A major new television and film studio is set to be created in the West End of Glasgow.
Glasgow city council has revealed plans to develop a £11.9 million production facility within the city’s historic Kelvin Hall.
Support of up to £7.9 million will come from the Scottish Government – delivering a huge boost to the city’s screen and creative sectors.
It is anticipated the first part of the new screen hub will be ready to open later this year.
Discussions are said to be already well advanced with potential tenants.
Members will be asked to give the project the green light at a meeting Thursday [14 January].
Council leader Susan Aitken said: “Glasgow’s creative industries are hugely important not only to the city’s economy; but also its culture and its national and international profile.
“The city is home to an incredible community of independent producers; with access to an enviable pipeline of young talent.
“We know they are in demand all over the country and, often, the world – but we also know that, here at home, there is a relative lack of the kind of studio space they need to be able to win higher-value commissions.
“This exciting plan for the Kelvin Hall will not only establish that kind of facility, but do it right in the heart of the city.
“It shows how serious Glasgow is about fostering and building on a well-deserved reputation as centre of excellence in television production.”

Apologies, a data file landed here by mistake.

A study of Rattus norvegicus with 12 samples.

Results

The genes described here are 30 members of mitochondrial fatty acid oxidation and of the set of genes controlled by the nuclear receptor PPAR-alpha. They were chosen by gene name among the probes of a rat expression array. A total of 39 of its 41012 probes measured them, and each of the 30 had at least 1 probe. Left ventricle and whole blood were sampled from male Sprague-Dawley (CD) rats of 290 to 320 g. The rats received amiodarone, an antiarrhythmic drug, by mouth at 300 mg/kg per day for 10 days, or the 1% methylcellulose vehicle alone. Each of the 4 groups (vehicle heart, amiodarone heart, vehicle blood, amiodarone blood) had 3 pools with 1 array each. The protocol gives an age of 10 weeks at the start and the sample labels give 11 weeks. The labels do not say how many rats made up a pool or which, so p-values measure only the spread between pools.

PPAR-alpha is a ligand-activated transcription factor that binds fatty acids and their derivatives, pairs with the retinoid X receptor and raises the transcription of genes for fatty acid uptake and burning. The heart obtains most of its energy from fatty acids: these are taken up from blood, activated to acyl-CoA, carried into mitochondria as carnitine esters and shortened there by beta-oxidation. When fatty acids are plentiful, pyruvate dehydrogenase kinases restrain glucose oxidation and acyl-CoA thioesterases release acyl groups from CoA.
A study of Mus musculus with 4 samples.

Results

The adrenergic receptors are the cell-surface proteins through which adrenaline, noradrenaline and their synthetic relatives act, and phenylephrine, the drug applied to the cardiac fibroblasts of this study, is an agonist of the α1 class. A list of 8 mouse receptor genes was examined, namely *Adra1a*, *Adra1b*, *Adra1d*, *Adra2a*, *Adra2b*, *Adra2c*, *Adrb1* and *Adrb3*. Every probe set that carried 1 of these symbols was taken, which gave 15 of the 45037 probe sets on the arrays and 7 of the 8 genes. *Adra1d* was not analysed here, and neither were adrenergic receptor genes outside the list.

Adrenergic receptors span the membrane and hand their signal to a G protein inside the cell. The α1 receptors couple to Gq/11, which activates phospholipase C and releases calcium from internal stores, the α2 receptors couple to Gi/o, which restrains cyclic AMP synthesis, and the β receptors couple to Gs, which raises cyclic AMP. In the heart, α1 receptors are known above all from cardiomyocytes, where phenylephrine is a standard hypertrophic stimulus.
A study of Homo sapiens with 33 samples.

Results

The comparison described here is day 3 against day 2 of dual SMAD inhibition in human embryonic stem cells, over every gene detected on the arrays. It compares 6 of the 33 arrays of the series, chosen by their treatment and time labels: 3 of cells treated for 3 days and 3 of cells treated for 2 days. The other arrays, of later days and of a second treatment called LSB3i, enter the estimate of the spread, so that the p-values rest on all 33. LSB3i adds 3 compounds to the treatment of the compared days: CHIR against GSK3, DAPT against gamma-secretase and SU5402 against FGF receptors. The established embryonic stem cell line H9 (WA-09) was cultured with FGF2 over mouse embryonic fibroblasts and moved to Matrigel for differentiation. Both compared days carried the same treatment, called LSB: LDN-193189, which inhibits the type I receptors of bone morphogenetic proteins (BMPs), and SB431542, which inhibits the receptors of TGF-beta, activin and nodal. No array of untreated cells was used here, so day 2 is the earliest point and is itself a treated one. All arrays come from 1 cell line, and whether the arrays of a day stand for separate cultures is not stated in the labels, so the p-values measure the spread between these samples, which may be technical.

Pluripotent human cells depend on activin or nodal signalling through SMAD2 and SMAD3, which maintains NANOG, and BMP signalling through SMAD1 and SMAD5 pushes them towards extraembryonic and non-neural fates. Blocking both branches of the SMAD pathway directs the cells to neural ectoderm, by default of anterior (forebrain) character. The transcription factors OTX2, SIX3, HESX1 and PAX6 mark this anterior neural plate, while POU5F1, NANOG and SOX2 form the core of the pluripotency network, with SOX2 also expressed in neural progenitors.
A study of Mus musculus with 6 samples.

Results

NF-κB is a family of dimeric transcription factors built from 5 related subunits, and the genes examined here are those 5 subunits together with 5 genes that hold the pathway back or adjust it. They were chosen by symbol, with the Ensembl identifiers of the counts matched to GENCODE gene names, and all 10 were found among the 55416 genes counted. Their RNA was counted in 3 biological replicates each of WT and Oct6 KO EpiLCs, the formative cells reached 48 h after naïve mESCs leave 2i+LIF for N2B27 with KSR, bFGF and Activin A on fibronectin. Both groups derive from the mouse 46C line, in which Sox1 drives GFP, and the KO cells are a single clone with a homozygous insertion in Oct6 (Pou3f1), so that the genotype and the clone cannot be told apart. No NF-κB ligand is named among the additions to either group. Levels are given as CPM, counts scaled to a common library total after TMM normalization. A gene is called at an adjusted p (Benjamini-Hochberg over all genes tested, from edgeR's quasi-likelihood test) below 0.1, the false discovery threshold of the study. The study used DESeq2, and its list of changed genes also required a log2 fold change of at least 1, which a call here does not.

Culture Secretary Fiona Hyslop said: “Glasgow’s plans to create studios at its iconic Kelvin Hall with up to £7.9 million of funding from the Scottish Government is a unique opportunity and builds on Scotland’s ambition to drive growth across all aspects of the film and TV sector.
“This new development would support the city’s thriving creative industries sector, help develop our skills base and attract film and TV productions, creating significant social and economic benefits for Scotland as part of our economic recovery.”
The screen sector is estimated to be worth up to £500m to Scotland each year, with around 60% of that in Glasgow.
The city council says there are opportunities to grow the industry further following recent changes to the way public service broadcasters commission programmes.
The council says establishing the new facilities at Kelvin Hall would begin to address a lack of studio space that has been a significant barrier to bringing larger productions to the city and Scotland – including higher-budget scripted and entertainment commissions.
The plans come after Glasgow successfully bid for one of two new commissioning hubs created by Channel 4.
Kelvin Hall first opened as an exhibition venue in 1927.
In recent years, a partnership between Glasgow Life, the University of Glasgow and the National Library of Scotland has transformed part of the venue.
A state-of-the-art Glasgow Club health and fitness centre sits alongside historical collections, temporary displays, and teaching and research facilities.
The new studio facilities will be established in part of the complex that is currently vacant.